In late January, Newtown Social Club announced that they would shut their doors on April 23. The live music venue has inhabited the bones of the Sandringham Hotel for the last three years, playing host to local and international bands. In a statement on Facebook, they said: “Whilst the live music part of the business was a resounding success, the current regulatory climate in Sydney and the inherent challenges therein have made it unsustainable.”
Last week Fun-Lab announced that they were in the process of taking over the Sandringham site, which would be developed into a mini-golf bar, similar to their Brisbane property Holey Moley.
Fun-Lab is a private equity backed entertainment company which owns and operates Strike bowling clubs and Sky Zone trampoline parks. Maria Griffen, Fun-Lab’s sales and marketing manager told Time Out: “We're in the final stages of finalising and have entered into a term sheet to deal with purchase and lease.”
In an interview with The Brag announcing their intention to take over the venue, Fun-Lab’s CEO Michael Schreiber mentioned plans to keep some live music programming within the venue. Griffen expanded on that promise to Time Out, saying: “Holey Moley isn’t trying to be the next Newtown Social Club, but we do understand the importance of live music in Newtown and Sydney. It’s early days for Holey Moley, and we're still very much in planning mode, but we're aiming to work locally, with our contacts in the music industry and within our businesses to figure out how and when live music can be run in venue. At this stage we are thinking monthly live music nights, comps for local artists to come play and local DJ sets every weekend.”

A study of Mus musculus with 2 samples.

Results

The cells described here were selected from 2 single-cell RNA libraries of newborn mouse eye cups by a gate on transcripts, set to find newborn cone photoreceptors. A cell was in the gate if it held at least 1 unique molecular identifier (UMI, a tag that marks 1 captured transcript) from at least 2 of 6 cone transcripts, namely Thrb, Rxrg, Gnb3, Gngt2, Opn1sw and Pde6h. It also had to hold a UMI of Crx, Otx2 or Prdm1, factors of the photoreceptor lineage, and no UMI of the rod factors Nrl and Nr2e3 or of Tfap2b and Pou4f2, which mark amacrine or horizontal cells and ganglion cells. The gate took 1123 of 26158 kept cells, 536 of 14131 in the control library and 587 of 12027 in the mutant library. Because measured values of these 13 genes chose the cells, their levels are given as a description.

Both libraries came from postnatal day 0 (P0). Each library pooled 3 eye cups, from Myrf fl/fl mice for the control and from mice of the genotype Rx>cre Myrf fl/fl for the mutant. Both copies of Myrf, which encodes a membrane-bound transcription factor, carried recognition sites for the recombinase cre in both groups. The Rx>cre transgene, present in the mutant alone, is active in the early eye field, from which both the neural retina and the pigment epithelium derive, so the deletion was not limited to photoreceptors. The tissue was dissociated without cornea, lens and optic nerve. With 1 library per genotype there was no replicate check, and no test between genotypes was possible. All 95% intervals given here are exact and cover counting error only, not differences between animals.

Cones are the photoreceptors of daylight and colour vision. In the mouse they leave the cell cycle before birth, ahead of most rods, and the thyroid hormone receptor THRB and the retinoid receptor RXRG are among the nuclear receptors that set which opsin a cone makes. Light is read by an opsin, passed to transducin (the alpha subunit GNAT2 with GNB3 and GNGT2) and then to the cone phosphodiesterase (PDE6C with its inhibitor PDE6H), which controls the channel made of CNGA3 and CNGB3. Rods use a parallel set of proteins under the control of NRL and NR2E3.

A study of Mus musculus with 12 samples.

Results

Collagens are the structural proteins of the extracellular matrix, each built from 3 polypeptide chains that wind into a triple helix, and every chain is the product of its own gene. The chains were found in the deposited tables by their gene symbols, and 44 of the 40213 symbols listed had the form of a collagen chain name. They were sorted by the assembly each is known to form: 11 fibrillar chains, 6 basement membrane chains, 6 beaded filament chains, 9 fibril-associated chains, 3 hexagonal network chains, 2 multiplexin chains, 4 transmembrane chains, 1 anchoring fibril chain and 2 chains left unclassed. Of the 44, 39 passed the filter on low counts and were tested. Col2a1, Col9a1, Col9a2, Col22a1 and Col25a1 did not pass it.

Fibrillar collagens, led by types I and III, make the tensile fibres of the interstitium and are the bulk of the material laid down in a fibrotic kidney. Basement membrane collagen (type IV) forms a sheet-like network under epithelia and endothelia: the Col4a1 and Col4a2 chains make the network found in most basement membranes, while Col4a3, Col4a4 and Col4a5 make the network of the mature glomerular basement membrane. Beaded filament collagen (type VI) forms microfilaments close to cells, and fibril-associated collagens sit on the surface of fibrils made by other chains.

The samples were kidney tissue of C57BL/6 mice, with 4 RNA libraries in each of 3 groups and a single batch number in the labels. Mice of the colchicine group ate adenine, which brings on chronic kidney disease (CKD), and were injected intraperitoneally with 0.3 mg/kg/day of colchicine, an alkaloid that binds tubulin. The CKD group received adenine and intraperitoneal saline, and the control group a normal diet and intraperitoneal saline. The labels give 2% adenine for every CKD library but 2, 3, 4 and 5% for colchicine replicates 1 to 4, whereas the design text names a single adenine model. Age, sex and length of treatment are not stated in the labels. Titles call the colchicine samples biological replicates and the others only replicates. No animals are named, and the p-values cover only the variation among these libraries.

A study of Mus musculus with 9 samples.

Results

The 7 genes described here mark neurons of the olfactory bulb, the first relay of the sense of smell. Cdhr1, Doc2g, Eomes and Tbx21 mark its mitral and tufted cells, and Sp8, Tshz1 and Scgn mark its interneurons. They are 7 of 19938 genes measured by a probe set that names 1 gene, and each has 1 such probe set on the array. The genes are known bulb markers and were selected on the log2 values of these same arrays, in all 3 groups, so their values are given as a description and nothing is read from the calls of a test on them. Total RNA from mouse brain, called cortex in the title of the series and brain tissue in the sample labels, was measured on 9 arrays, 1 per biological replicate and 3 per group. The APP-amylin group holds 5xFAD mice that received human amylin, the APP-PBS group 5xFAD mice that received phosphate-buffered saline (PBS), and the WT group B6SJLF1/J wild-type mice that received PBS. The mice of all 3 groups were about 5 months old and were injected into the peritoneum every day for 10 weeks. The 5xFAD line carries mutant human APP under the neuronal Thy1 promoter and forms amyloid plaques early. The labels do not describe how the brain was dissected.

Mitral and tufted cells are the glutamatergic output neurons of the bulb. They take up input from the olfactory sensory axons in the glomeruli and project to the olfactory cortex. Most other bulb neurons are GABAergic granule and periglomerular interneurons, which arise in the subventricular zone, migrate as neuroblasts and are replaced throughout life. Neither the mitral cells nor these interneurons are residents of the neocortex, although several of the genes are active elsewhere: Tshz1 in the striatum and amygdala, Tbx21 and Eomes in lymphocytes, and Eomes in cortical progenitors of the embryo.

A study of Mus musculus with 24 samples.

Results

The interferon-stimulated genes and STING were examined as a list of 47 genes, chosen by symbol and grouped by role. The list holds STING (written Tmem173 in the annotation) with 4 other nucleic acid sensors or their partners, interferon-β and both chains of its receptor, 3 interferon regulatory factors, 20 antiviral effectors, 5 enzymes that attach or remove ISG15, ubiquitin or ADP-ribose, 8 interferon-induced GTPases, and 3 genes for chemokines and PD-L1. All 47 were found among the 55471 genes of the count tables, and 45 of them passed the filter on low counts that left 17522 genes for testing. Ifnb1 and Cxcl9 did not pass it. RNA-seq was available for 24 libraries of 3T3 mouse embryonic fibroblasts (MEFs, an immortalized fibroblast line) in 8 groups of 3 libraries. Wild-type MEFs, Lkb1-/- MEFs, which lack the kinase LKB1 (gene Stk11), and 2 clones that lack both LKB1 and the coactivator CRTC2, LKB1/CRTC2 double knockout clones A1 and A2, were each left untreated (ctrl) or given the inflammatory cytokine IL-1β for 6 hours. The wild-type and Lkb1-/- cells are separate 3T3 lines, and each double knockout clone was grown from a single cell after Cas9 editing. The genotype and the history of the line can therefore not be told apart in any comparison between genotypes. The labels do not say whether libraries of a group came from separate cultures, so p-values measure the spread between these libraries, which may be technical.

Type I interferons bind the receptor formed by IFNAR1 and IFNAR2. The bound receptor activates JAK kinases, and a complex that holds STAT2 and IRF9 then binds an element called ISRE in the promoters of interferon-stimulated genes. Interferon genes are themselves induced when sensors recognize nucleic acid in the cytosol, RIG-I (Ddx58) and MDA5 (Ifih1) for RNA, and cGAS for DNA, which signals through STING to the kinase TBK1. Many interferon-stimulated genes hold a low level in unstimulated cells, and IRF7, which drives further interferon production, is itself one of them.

Richard Adamson of Young Henrys, who serves as president of the Newtown Liquor Accord and is a Newtown Precinct Business Association committee member says: “My greatest fear is this venue gets lost as a pub and a place for live music. I’m pleased to hear it’s being taken as an ongoing concern and it’s not being turned into apartments or the like.”
Griffen describes Holey Moley as “a mash-up of art, music, [a] bar [and] mini-golf. It is irreverent, off-the-wall fun with a dose of nostalgia. Our guests can expect good quality and good value fun, where they can socialise with friends in a whole new way.”
Adamson presses that Fun-Lab have on their hands “one of the best sounding rooms for that capacity in Australia. There was a lot of work that was put into that to get it to that level of quality, and it’d be a real shame if that was lost to the music community.”
Griffen says that Fun-Lab have already hired “market research and F&B consultants ...to achieve a venue specifically suited to and hopefully embraced by Newtown. Each hole has been designed and curated by our creative director, embracing local community and culture.”
Newtown is one of Sydney’s most vocal and politically active neighbourhoods, with residents and businesses rallying around issues like WestConnex and the changing nature of nightlife in the area. Recently, residents quashed plans to host Burgerpalooza Festival in Camperdown Memorial Rest Park, fearing it would set a precedent for hosting commercial events in the community-owned space.
However, the area is changing. Recently Merivale took over the Queens hotel, turning it from a fairly shady pub to a glossy public bar, with a high-end Chinese restaurant perched atop it.
“Traditionally we’ve seen a lot of support for independently owned and run Newtown businesses,” says Adamson. “But there have been larger businesses and chains coming into the area. I think the key to their success will be engaging in the local community and hiring the right operators. People that are already part of the community, who have lived and worked in the area for some time.”
At this stage, the Newtown Social Club site is set to reopen under Fun-Lab’s management in June of this year.